Consumers More Confident, Home Prices Stuck in Neutral

U.S. consumer confidence saw an unexpected bounce back toward the positive in November, but home prices didn't move much during the third quarter. And investors are feeling more optimistic these days, according to the State Street Confidence Index.

November 30, 2011
By Dees Stribling, Contributing Editor

Courtesy Flickr Creative Commons user Walmart Stores

The latest S&P/Case-Shiller Home Price Indices, which were released on Tuesday, showed that U.S. home prices didn’t move much during the third quarter of 2011, with the National Home Price Index seeing a 0.1 percent uptick quarter-over-quarter. Compared with the third quarter of 2010, however, the national index was down 3.9 percent — but that could be seen as a bit of good news, since the decline between the second quarter of 2010 and the second quarter of 2011 was 5.8 percent, so the rate of decline might be slowing.

In September, the 10- and 20-city composites posted annual declines of 3.3 percent and 3.6 percent, respectively. Eighteen of the 20 MSAs tracked by Case-Shiller and both monthly composites had negative annual rates in September 2011, the only exceptions being Detroit and Washington D.C., presumably because of a dead-cat bounce in the former case and the good fortune of being the hub of the federal government in the latter case.

“It is a bit disturbing that we saw three cities post new crisis lows,” David M. Blitzer, chairman of the Index Committee at S&P Indices, noted in a statement. “For the prior three or four months, only Las Vegas was weakening each month. Now Atlanta and Phoenix have fallen to new lows too. On a monthly basis, Atlanta actually posted a record low rate of minus 5.9 percent in September over August.”

Consumers More Confident for Now

U.S. consumer confidence saw an unexpected bounce back toward the positive in November, according to the Conference Board on Tuesday. The index now stands at 56.0 (that happy year 1985 = 100), up from 40.9 in October. The Present Situation Index increased to 38.3 from 27.1, and the Expectations Index rose to 67.8 from 50.0.

Never mind weak housing or high unemployment or a feverish deficit or the euro crisis for the moment, let’s shop, consumers seem to be saying. Those respondents asserting that business conditions are “good” increased to 13.3 percent from 11.2 percent, while those who believe business conditions are “bad” declined to 38.2 percent from 43.7 percent. Consumers’ appraisal of the labor market was also more upbeat.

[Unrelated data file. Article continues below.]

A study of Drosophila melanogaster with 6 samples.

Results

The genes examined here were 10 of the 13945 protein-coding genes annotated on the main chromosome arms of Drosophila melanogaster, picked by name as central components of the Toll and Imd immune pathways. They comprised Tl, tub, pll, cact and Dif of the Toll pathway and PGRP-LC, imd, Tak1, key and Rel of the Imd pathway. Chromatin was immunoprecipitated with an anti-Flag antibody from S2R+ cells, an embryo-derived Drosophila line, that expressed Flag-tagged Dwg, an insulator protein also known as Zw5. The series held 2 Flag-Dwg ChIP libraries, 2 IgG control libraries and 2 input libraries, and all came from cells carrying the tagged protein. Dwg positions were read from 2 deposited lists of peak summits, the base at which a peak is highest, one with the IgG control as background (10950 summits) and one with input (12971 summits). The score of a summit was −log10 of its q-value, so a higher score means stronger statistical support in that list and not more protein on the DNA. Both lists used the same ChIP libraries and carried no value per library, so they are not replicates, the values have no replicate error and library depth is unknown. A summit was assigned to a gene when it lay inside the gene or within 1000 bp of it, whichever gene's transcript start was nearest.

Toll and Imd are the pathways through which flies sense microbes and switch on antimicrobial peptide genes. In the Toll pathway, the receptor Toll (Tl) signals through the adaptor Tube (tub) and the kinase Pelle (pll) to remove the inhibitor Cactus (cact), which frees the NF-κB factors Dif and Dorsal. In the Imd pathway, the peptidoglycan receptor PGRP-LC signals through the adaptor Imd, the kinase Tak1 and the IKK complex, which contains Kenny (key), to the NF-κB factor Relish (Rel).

“Consumers’ apprehension regarding the short-term outlook for business conditions, jobs and income prospects eased considerably,” said Lynn Franco, director of the Conference Board Consumer Research Center, in a statement. “Consumers appear to be entering the holiday season in better spirits, though overall readings remain historically weak.”

Investors Feeling Better Too

What about investors? Are they more optimistic these days, despite the beating that Wall Street has taken in recent weeks? According to the latest State Street Investor Confidence Index, yes.

In November, the index stood at 97.2, up 2 points from October, State Street said on Tuesday. The 12-month low for investor confidence was back in August at 88.1, when it looked like the dysfunction of the U.S. Congress might tip the world into catastrophe. Since then, investors have been increasingly more confident, never mind the recent market losses attributed to euro-panic.

Wall Street ended mixed on Tuesday. The Dow Jones Industrial Average gained 32.62 points, or 0.28 percent, while the S&P 500 was up 0.22 percent. The Nasdaq lost 0.47 percent.